Black children in Ontario: Factors that influence welfare decisions

Date de publication: 

King, B., Fallon, B., Boyd, R., Black, T., Antwi-Boasiako, K., & O’Connor, C. (2017). Factors associated with racial differences in child welfare investigative decision-making in Ontario, Canada. Child Abuse & Neglect, 73, 89-105.

Revu par: 
Sydney Duder

This is a report of decisions made by workers about Black and White families investigated for child protection concerns in Ontario, Canada. Data were from the Ontario Incidence Study of Reported Child Abuse and Neglect (OIS-2013), which had been designed to provide as representative a sample as possible of Ontario agencies, and of cases within agencies.

It was found that Black children were more likely to be investigated than White children, but this was not due to race alone; Black and White children differed significantly with respect to child characteristics, caregiver risk factors and socioeconomic risk factors. However, even adjusting for these factors, Blacks had 33% greater odds of being transferred to ongoing services.  For Black families, the strongest predictors of the decision to provide child welfare services were the assessed quality of the parent-child relationship and severe economic hardship.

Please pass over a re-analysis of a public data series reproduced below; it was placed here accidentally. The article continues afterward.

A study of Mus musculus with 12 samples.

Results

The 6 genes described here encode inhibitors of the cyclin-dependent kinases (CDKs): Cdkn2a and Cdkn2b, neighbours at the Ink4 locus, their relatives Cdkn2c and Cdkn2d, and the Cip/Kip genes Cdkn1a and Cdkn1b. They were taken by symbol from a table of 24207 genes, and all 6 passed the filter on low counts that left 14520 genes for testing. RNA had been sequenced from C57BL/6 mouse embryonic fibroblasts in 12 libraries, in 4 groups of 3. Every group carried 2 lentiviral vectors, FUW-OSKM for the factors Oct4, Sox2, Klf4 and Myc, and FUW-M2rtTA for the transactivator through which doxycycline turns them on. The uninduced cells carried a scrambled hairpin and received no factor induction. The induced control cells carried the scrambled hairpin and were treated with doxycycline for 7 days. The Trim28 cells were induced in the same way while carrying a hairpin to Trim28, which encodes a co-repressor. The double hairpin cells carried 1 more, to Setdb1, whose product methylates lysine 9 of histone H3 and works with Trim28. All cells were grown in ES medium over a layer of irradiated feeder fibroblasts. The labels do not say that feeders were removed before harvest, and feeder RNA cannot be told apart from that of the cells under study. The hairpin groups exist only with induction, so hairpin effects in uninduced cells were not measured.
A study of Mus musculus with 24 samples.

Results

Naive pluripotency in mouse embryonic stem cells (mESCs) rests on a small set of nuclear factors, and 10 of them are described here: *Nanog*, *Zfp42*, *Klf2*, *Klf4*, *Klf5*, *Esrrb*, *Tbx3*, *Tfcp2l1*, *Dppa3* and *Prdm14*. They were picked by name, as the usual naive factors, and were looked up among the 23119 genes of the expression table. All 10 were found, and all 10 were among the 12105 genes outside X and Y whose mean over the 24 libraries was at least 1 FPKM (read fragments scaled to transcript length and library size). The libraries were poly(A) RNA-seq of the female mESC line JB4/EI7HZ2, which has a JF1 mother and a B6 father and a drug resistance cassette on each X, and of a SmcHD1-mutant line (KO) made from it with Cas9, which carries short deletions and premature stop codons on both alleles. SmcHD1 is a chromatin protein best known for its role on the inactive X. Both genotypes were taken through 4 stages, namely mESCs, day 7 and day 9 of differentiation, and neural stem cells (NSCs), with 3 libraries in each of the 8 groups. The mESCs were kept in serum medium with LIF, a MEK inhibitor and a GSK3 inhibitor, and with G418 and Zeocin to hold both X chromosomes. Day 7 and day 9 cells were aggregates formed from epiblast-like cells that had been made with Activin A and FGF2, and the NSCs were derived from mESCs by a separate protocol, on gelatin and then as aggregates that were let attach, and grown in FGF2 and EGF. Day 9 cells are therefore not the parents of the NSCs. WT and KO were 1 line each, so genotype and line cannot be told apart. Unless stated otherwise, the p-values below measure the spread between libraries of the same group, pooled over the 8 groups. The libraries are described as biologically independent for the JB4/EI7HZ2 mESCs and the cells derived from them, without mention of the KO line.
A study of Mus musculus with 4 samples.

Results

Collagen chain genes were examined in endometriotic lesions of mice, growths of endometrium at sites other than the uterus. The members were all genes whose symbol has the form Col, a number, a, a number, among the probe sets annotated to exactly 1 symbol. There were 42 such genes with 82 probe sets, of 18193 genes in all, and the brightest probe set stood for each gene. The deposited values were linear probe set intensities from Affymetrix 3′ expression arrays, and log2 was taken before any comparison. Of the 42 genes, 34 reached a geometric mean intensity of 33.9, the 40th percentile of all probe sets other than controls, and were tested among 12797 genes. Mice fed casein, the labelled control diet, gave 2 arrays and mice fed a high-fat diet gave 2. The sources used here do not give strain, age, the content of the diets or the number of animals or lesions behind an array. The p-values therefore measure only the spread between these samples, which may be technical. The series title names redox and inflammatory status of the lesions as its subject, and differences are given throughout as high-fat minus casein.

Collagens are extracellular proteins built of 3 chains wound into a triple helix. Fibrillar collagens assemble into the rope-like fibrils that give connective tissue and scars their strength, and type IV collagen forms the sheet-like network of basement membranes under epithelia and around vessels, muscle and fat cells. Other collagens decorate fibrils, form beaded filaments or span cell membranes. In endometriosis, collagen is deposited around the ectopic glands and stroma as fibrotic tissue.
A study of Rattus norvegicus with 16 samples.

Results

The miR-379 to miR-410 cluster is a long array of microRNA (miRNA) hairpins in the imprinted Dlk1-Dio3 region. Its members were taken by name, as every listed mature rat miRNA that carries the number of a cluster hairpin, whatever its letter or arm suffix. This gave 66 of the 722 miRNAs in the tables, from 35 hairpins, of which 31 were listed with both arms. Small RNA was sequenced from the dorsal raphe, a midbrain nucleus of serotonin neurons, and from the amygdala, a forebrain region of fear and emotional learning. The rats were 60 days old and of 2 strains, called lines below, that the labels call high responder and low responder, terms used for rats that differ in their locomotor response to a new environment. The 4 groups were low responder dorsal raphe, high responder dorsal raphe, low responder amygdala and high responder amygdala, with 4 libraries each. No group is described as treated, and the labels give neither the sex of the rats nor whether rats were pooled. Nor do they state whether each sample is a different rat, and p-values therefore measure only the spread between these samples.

In their discussion of the implications of this overrepresentation, the authors point out that poverty is an important problem, and stress possible corrective actions with this in mind: “additional financial, social and mental health resources for caregivers are critical,” and child welfare workers need to “more effectively integrate anti-poverty work into their practice.” 

Notes méthodologiques: 

The unweighted sample comprised all cases, 14 years or younger, opened for investigation at the selected agencies in the quarter Oct.1/13 to Dec.31/13 (N = 5265). To provide a weighted annual estimate this number was multiplied by four; as the nature and number of child and family problems could vary with season and school term, this step might affect data validity. Regional weights were also applied to reflect the relative size of each site, giving a full weighted sample of 83,400 investigations. Population racial estimates were based on census data (2011 National Household Survey).

The elaborate data analysis was based on child and maltreatment characteristics, caregiver and socioeconomic risk factors, and allegation/referral source. Agency variables such as size, location, funding, or worker qualifications, were not included, though the concentration of Black families in urban/suburban regions was mentioned.

Statistical procedures included Black and White disparity calculations at each decision point: investigation, substantiation, transfer, and placement into out--of–home care. Both bivariate (crosstabs & Χ2) and multivariate (logistic regression) procedures were used. A potential limitation mentioned by the authors was the use of the full weights in these analyses, which may “overstate the significance of these estimates.”